Dan Sheldon Discusses Time Travel, Fate.
Dan Sheldon spent the past eight years developing his career in film. Sheldon honed his craft in acting, writing and producing. His feature film debut is the drama science fiction thriller Fate.
In our exclusive online interview, Dan Sheldon offers his opinion on ideas behind his film. Fate centers on the much debated and popular topic, time travel. Made on a small budget Fate weaves a tale of a scientist trying to prevent the death of his girlfriend. Added to the problem is the Government’s nefarious plans to secure the scientist’s time machine.
Thank you in advance Dan Sheldon for taking the time answer our questions. The questionnaire was composed by Stacy Cox.
DecayMag: Time travel films have been on the rise as of late. Why is this subject of high popularity?
Dan Sheldon: I think time travel is a concept that appeals to everyone because who hasn’t at some point of their life wondered what it would be like to go back in time and change something from their past. Time travel films can explore all those possibilities that could happen if time travel were possible.
DecayMag: What is your stance on this subject? Is time travel possible?
Dan Sheldon: The age old debate. Well, I often stand behind the theory that if time travel were possible, wouldn’t we have experienced a visitor from the future by now? Or maybe it is possible and we just don’t know it yet because our previous reality has been changed.
I look at time travel theories like winning the lottery… I know it will never happen but it’s fun to imagine if it did.
DecayMag: Time travel seems like a complex topic that requires extensive research and study. What research prepared you for this film?
Dan Sheldon: I then studied books, articles, and theories on quantum physics and quantum theory to try and explain it in my film that a layman like myself could understand.
I researched and watched as many time travel films as possible to see which ones best explained the science
DecayMag: How did the story for FATE develop?
Dan Sheldon: My friend and fellow “FATE” producer once created a TV pitch about a man who could travel in time for only 60 minutes. I thought the idea of a time restraint in time travel was interesting so I spun the story out of that original idea.
DecayMag: What are some challenges or complications you had while on the set or in post production?
Dan Sheldon: Post production was hell. Trying to make a low budget film with 150 VFX shots proved to be a challenge I had never imagined. We went through half a dozen VFX artists before we were able to find the team that could deliver a product close to my vision. In the end, I am thrilled how it all turned out but there were times during the process I was nervous I had bit off more than I could chew.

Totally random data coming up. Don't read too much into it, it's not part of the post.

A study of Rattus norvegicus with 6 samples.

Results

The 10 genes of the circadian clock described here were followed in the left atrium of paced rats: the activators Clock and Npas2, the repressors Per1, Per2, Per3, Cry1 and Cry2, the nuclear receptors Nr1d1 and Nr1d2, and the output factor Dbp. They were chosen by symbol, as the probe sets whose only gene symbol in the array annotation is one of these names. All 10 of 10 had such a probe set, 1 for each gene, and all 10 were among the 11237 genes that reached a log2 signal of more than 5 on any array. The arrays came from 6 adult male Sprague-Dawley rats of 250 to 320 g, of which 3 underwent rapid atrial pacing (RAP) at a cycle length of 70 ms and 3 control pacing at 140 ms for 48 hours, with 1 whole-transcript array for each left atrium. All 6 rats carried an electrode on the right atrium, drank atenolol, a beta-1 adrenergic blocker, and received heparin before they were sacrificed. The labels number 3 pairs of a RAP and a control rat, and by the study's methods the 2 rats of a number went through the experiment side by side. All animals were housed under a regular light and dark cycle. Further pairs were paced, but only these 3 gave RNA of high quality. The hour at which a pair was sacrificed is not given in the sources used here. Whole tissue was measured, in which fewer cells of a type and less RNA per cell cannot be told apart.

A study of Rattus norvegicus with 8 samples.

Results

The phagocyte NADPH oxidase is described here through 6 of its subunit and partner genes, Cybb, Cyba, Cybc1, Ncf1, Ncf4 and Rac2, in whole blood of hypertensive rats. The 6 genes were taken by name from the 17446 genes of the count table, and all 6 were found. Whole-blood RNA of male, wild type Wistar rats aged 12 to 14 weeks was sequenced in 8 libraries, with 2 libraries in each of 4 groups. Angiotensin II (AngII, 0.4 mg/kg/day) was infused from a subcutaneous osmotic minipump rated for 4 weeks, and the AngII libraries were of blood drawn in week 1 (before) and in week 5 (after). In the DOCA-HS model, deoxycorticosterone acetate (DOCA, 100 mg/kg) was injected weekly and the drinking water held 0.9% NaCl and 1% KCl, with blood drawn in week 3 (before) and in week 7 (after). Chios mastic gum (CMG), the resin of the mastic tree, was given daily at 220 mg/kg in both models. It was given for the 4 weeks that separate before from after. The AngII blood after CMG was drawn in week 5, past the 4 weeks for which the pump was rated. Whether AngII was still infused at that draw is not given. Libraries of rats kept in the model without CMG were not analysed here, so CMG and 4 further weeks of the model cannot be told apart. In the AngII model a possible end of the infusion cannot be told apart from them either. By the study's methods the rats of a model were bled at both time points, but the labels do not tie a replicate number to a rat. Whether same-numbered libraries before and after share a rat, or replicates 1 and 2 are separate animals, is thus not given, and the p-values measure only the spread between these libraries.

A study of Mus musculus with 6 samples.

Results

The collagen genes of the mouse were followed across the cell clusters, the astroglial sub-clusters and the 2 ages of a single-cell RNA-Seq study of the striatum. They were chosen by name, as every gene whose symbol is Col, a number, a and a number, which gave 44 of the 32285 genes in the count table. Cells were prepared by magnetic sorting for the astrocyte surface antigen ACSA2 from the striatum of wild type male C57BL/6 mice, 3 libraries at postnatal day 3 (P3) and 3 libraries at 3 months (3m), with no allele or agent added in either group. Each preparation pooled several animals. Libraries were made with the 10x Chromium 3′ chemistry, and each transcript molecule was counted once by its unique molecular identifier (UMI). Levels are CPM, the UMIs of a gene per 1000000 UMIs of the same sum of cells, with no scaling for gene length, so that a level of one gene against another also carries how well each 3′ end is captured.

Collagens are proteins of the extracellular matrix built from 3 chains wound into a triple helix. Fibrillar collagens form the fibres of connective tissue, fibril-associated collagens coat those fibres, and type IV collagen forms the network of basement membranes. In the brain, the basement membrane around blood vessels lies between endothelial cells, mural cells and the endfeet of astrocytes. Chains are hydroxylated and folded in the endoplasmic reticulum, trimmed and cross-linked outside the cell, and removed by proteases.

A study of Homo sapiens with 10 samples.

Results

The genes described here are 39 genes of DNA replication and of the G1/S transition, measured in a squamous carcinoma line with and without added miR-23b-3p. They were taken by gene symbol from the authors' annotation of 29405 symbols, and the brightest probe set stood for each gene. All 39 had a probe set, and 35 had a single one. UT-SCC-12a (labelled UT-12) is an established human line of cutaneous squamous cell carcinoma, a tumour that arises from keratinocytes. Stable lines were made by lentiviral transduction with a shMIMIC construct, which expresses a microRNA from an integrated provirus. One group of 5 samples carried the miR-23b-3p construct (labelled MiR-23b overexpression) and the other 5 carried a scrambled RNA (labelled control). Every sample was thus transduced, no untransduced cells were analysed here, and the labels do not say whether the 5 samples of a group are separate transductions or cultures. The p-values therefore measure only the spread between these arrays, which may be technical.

I wanted to explore a lot of camera tricks and low budget effects in this film to show what was possible with little money.
DecayMag: The poster art is fascinating, were there other variations of the poster art before this final version?
Dan Sheldon: The best part is the light reflection on the ground of the time machine created a very cool image that almost resembled letters. It was then I got the idea to tweak that reflection to create the title “Fate”.
When I first saw the final image of the time machine after the visual effects had finished I knew that image was going to be our poster.
DecayMag: Will FATE come to other streaming platforms, such as Netflix and Hulu?
Dan Sheldon: Over time the plan is to bring the film to Netflix and Hulu but that is a couple of years away. We are currently experimenting with a distribution strategy that has proven successful for other indie films like ours.
DecayMag: The website features a bonus short film. THE WAY IT MELTS. Can you elaborate a little on this film?
Dan Sheldon: “The Way It Melts” was another collaboration by myself and lead actor, Daniel Bonjour. Daniel was such a talented actor and such a wonderful person to work with I always wanted to do another project with him so I approached him with this idea. After I wrote the script, I sent it to Eric Roberts, who I had met on a commercial audition, and he liked it and agreed to play a role. With those two on board and a great location locked in I knew I had to make the film.
After finishing Fate, I wanted to direct another project to show the progress I had made as a film maker.
DecayMag: Was The Way It Melts an experimental film? Will there be a full-length feature in the future?
Dan Sheldon: It is very much experimental. I really wanted to make something eerie and esoteric. Something that got the audience thinking. This is based on a feature script I have developed that delves into the world of a paranoid schizophrenic struggling to cope with his illness and lead a normal life.
I am hoping someday to make the feature if the right backers came along.
DecayMag: What other projects are you working on?
Dan Sheldon: Right now I am currently very focused on writing and just finished two new scripts. Next, I am working on some experimental new ways of film making that could change how independent films get made and financed in the future.